The story of ex-Duke basketballer Brian Davis’ bid to purchase the Memphis Grizzlies has been brewing for a while. Grizzlies blogs started mentioning it over the summer. On November 27th, The Wall Street Journal ran a story (subscription required). Davis’ group, including Christian Laettner along with others, reportedly offered $252 million for a 70% stake but seems to be undercapitalized and relying heavily on debt and higher future revenues with a better strategy. The WSJ article focuses primarily on Davis background and personal initiative — very admirable stuff — as well as his relative lack of personal assets to get in this game with a team losing money. Mark Cuban offers this advice: “It takes a lot of money, nothing more or less.” A Monday follow-up in the WSJ noted that the current minority owners have passed on their option to match the offer.
SportsBiz has been on the story for a while and provides links to more detailed stories running in the Memphis Commercial-Appeal. These sources cite a $29 million loss for the team last year. The Davis group plan (at least what is known) boils down to reducing payroll, doing a better job of finding cheaper, better talent, and energizing the African-American community in Memphis to follow the team more. Of this plan, Mark at SportzBiz says:
If they are banking on attendance to pull the team out of financial difficulty and are conceding that they have tapped out the corporate community, this team is in real trouble. The answer is not in African-American attendance and a modestly lower (the memo speaks to a 15% reduction) payroll. The answer is relocation. Memphis is a market that won’t work. Of course, that is what a lot of people told the NBA when Heisley first wanted to move the team there.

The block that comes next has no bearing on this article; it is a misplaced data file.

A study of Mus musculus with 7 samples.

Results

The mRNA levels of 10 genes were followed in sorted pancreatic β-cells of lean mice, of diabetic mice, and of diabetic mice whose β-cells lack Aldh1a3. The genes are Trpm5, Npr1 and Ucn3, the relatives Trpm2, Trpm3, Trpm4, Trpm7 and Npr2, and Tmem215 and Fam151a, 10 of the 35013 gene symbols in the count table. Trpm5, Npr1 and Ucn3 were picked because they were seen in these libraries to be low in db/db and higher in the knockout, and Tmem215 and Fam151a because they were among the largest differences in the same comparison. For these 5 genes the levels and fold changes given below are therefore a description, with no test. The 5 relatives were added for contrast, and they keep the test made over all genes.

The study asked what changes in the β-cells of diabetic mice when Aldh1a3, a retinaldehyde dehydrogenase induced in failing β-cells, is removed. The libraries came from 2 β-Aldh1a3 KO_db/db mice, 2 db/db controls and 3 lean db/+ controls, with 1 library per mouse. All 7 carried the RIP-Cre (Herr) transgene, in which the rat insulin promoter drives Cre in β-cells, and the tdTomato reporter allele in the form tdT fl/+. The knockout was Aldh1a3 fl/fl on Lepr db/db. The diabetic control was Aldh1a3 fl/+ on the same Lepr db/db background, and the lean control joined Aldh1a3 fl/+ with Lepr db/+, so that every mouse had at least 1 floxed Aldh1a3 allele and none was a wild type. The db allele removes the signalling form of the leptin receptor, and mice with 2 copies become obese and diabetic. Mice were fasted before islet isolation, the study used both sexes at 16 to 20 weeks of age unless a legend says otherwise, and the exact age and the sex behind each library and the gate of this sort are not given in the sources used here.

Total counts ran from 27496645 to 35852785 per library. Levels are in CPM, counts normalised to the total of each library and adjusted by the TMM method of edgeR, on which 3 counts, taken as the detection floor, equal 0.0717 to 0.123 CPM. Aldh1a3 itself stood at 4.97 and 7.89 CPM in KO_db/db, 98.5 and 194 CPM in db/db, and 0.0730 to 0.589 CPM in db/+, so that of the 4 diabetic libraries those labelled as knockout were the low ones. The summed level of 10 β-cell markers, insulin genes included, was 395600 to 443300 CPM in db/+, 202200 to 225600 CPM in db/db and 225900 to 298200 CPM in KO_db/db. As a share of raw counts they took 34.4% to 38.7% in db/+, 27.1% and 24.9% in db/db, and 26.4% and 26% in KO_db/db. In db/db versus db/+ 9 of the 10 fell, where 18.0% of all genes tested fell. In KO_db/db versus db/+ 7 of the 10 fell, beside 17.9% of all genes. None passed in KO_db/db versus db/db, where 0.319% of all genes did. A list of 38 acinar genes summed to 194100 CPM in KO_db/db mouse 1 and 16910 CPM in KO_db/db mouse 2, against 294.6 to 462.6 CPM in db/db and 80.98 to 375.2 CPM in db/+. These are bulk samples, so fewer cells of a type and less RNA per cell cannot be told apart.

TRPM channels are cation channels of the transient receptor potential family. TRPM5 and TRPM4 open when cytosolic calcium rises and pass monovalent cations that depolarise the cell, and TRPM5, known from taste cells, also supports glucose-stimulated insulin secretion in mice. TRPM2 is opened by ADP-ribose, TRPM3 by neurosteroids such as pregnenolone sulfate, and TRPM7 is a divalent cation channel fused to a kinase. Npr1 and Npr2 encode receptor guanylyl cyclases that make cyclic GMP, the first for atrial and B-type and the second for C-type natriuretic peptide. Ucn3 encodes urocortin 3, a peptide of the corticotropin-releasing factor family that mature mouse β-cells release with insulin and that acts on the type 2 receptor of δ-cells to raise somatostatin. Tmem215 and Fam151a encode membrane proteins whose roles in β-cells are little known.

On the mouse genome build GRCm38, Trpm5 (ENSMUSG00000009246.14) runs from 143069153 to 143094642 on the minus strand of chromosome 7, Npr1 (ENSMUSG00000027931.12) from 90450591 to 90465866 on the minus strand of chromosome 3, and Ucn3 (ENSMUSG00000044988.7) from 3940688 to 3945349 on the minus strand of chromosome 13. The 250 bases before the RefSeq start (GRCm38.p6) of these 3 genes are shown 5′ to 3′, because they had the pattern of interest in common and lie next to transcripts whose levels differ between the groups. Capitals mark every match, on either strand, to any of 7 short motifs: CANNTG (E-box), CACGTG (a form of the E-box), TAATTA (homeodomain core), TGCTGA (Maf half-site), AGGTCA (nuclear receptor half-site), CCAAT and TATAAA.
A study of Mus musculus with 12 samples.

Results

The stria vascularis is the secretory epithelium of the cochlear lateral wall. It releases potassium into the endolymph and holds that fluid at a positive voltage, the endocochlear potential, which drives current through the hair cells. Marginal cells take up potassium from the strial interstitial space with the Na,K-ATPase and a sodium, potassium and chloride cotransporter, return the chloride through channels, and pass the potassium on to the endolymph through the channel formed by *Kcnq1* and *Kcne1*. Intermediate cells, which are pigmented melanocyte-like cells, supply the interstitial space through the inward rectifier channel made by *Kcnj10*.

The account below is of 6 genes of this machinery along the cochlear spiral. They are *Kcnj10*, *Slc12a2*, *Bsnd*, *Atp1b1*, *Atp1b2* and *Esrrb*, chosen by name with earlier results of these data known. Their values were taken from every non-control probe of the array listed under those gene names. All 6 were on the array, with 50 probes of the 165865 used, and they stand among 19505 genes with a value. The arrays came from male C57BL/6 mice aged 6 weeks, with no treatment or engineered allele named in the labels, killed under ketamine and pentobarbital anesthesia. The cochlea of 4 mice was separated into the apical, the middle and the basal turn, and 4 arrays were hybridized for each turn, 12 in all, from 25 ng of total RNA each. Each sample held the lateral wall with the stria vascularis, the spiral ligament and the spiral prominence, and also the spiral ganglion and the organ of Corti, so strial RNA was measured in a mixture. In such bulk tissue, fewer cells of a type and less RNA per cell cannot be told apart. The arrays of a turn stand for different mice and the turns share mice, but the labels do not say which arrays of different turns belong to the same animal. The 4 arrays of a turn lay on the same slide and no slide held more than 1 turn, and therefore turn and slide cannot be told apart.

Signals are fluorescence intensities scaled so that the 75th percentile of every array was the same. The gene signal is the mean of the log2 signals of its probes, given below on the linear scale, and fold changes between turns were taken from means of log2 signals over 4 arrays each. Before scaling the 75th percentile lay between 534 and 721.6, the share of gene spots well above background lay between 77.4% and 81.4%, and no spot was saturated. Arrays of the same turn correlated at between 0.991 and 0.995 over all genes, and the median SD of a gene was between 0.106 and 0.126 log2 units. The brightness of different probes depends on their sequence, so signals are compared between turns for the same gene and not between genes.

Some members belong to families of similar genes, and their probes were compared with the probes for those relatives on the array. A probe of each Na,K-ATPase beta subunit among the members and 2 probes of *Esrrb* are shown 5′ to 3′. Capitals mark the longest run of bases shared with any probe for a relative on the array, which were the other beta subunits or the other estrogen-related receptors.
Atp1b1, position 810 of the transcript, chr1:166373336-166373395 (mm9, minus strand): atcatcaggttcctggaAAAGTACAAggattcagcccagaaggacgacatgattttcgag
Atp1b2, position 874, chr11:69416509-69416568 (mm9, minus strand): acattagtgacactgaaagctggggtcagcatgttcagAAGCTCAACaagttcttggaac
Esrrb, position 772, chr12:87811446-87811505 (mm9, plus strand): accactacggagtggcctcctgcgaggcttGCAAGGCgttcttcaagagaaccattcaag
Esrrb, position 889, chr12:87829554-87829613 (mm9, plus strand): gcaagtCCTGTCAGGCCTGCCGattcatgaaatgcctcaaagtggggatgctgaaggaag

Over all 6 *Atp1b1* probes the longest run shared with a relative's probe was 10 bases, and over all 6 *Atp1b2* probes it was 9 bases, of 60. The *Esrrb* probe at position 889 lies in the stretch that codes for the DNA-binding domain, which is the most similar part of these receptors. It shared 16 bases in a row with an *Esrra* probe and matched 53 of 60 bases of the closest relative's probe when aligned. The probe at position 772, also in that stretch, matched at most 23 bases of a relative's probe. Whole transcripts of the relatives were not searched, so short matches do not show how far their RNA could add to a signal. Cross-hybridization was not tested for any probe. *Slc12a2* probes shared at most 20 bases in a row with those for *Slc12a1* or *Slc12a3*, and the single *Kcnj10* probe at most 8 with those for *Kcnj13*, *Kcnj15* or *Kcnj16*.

I’m inclined to agree with the analysis from Sportsbiz — the “fundamentals” don’t seem to be very good in Memphis. It has an MSA population of 1.2 million MSA, placing it above only Salt Lake City (and now New Orleans) among NBA cities. Its growth rate is low compared to most other metro areas, its geography places the arena at the very western edge rather than near the center of the metro area, and its income base is relatively low. The Griz average 15,000 per game at the $250 million FedEx Forum (new in 2004), a low attendance by NBA standards. However, even at capacity, they could average only 3000 more, generating maybe $5 million more in (direct) revenue. Coupled with maybe $15 million in salary savings, they are still in the hole (of course, that’s treating the “loss” figure as a meaningful figure which is always tenuous.)
With that said, I’m not sure why the league shouldn’t permit Davis’ group to go ahead (if creditors are ok with it). Sports provides plenty of examples of successful “entrepreneurship” that seemed to be bad ideas to many including a majority of owners such as night baseball, radio and TV broadcasts of baseball, cable telecasts, and some expansion episodes (e.g., NFL passing on what came to be AFL cities). If a proposal must must pass a 2/3 or 3/4 vote of owners, then a relatively risk averse owner gets to decide — not a mechanism for promoting innovative ideas. This situation is a bit different in that owners don’t seem to be as picky about transfer of ownership issues as they are some other matters.